Daniela Christen, from Transparency International Switzerland, presents a practical guide for NGOs on dealing with corruption in development cooperation.
The British government will ask for a return of large amounts of money they had given to the Kenyan government for a free education scheme. Between 2005 and 2009 corrupt officials of the Kenyan education and health ministries had stolen as much as $47 million according to an article in yesterday’s Irish Times.
If funds are siphoned off, the consequences for governmental organisations or NGOs working in development cooperation can be severe: projects costs will increase, the organisation’s reputation will be tarnished and it can also have financial and legal consequences for the NGOs. Needless to say, that those in need, may see very little of the funds that were donated specifically for their benefit. Addressing corruption and enhancing transparency within the organisation are essential elements in improving the quality and effectiveness of development cooperation.
For a long time corruption within development cooperation was a taboo topic. Many development organisations feared that they would see a decrease of their financing if they would openly speak about the problems they are facing. Unfortunately, these fears also prevented an effective fight against corruption.
Only recently has there been a change among development organisations on the topic of corruption.
In Switzerland, development organisations, including many non-governmental organisations (NGOs) have come to recognise the dangers of corruption and have undertaken preventive measures. These actors now require transparency on the part of their institutions as well as among their partners, trying to assure that corruption is prevented and their development efforts are most effective.
As part of this work, Transparency International Switzerland and Bread for All (BFA, the Development Service of the Protestant Churches in Switzerland) have developed a practical guide for non-governmental organisations. This publication provides guidelines for NGOs who want to use effective methods to fight and control corruption within their organisations.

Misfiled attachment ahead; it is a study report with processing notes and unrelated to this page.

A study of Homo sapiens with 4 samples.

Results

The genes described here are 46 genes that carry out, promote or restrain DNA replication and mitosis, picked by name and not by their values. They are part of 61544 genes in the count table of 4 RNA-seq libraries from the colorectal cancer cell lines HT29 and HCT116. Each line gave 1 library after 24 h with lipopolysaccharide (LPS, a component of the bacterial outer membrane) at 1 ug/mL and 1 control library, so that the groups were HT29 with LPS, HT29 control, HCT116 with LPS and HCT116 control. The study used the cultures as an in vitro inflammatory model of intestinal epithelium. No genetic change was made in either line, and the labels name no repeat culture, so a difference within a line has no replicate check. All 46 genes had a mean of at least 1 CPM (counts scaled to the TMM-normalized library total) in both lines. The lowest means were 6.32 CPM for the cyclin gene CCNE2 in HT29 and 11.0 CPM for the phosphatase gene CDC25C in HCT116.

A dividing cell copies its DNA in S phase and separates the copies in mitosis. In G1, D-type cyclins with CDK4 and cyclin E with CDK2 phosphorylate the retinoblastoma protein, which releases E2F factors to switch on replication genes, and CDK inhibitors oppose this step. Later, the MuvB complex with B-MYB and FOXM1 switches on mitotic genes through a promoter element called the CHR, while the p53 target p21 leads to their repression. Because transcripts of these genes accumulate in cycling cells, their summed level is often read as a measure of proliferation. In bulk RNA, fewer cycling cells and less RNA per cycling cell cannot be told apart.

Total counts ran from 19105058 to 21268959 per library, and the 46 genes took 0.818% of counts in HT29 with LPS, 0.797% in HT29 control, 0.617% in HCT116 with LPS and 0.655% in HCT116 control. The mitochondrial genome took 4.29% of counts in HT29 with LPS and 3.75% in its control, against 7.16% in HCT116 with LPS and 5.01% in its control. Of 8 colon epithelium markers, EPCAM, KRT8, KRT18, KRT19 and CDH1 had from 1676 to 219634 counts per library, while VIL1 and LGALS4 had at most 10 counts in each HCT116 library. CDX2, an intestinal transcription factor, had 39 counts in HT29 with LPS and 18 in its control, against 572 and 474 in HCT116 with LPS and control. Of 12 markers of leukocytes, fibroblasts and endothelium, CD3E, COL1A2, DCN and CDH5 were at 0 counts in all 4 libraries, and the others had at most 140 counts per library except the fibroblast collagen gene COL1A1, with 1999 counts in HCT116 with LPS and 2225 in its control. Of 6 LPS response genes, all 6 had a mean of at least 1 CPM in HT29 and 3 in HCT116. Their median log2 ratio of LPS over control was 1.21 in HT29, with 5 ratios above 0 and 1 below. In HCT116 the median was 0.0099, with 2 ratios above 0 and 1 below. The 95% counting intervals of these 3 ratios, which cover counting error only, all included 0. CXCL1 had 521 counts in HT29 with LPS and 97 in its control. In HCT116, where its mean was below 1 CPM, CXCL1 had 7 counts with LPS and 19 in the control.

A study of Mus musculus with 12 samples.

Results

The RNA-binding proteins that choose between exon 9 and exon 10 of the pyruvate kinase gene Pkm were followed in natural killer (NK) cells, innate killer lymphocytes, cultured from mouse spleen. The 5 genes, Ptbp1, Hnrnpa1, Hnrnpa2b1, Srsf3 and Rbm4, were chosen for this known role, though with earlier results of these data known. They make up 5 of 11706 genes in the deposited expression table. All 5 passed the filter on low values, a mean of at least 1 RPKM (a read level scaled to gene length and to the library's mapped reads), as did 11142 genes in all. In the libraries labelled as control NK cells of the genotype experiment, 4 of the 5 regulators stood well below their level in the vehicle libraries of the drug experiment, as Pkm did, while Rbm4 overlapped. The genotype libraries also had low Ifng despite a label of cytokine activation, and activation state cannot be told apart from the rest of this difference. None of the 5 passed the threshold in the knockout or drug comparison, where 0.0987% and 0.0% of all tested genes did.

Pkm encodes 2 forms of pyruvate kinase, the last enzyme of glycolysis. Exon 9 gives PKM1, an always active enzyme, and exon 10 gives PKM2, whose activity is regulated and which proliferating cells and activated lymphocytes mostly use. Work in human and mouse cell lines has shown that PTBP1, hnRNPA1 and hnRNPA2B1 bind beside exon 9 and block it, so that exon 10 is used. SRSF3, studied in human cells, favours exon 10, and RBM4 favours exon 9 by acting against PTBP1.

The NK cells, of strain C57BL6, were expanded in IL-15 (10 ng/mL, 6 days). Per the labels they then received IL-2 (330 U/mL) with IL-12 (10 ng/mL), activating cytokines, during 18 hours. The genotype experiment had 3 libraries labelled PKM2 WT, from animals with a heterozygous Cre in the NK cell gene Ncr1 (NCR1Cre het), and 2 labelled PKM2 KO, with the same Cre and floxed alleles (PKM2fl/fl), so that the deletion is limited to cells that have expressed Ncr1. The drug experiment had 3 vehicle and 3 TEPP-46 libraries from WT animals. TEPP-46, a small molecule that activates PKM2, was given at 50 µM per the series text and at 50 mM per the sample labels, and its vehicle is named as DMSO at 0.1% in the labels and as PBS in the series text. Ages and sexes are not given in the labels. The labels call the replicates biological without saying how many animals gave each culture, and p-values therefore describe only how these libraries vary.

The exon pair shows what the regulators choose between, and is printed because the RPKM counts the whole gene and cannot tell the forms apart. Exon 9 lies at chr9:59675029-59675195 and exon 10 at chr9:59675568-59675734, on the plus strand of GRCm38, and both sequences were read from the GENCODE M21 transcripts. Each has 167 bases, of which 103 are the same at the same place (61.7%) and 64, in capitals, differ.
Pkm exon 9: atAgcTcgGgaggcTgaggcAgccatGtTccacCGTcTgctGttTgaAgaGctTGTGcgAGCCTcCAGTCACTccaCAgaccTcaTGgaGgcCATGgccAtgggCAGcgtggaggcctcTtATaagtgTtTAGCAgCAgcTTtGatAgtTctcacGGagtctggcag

An anti-corruption programme offers NGOs a standardised working framework which should facilitate the effectiveness of development cooperation, even in difficult environments. The guide is based on the guidance put together by Transparency International for companies to combat bribery. It also builds on the work that TI has done globally with humanitarian assistance agencies to prevent and mitigate corruption.
This practical guide for development NGOs provides organisational, regulatory and communication measures to improve the transparency and integrity of the organisation. The guide is directed primarily at managerial staff and those responsible for programming and operations.
To complement the guide, TI Switzerland and BFA have compiled a checklist for self-assessment. This checklist (based on the self-audit checklist for preventing corruption in companies of TI Germany) allows NGOs to recognise the risks of corruption within their structures. The aim of the checklist is to identify areas that are particularly at risk and to detect any weak points in their internal control system. Thus, the checklist can serve as the first step for developing an organisation’s anti-corruption programme.
The practical guide and self-assessment checklist are available in German, French and English on the websites of TI Switzerland and Bread for All.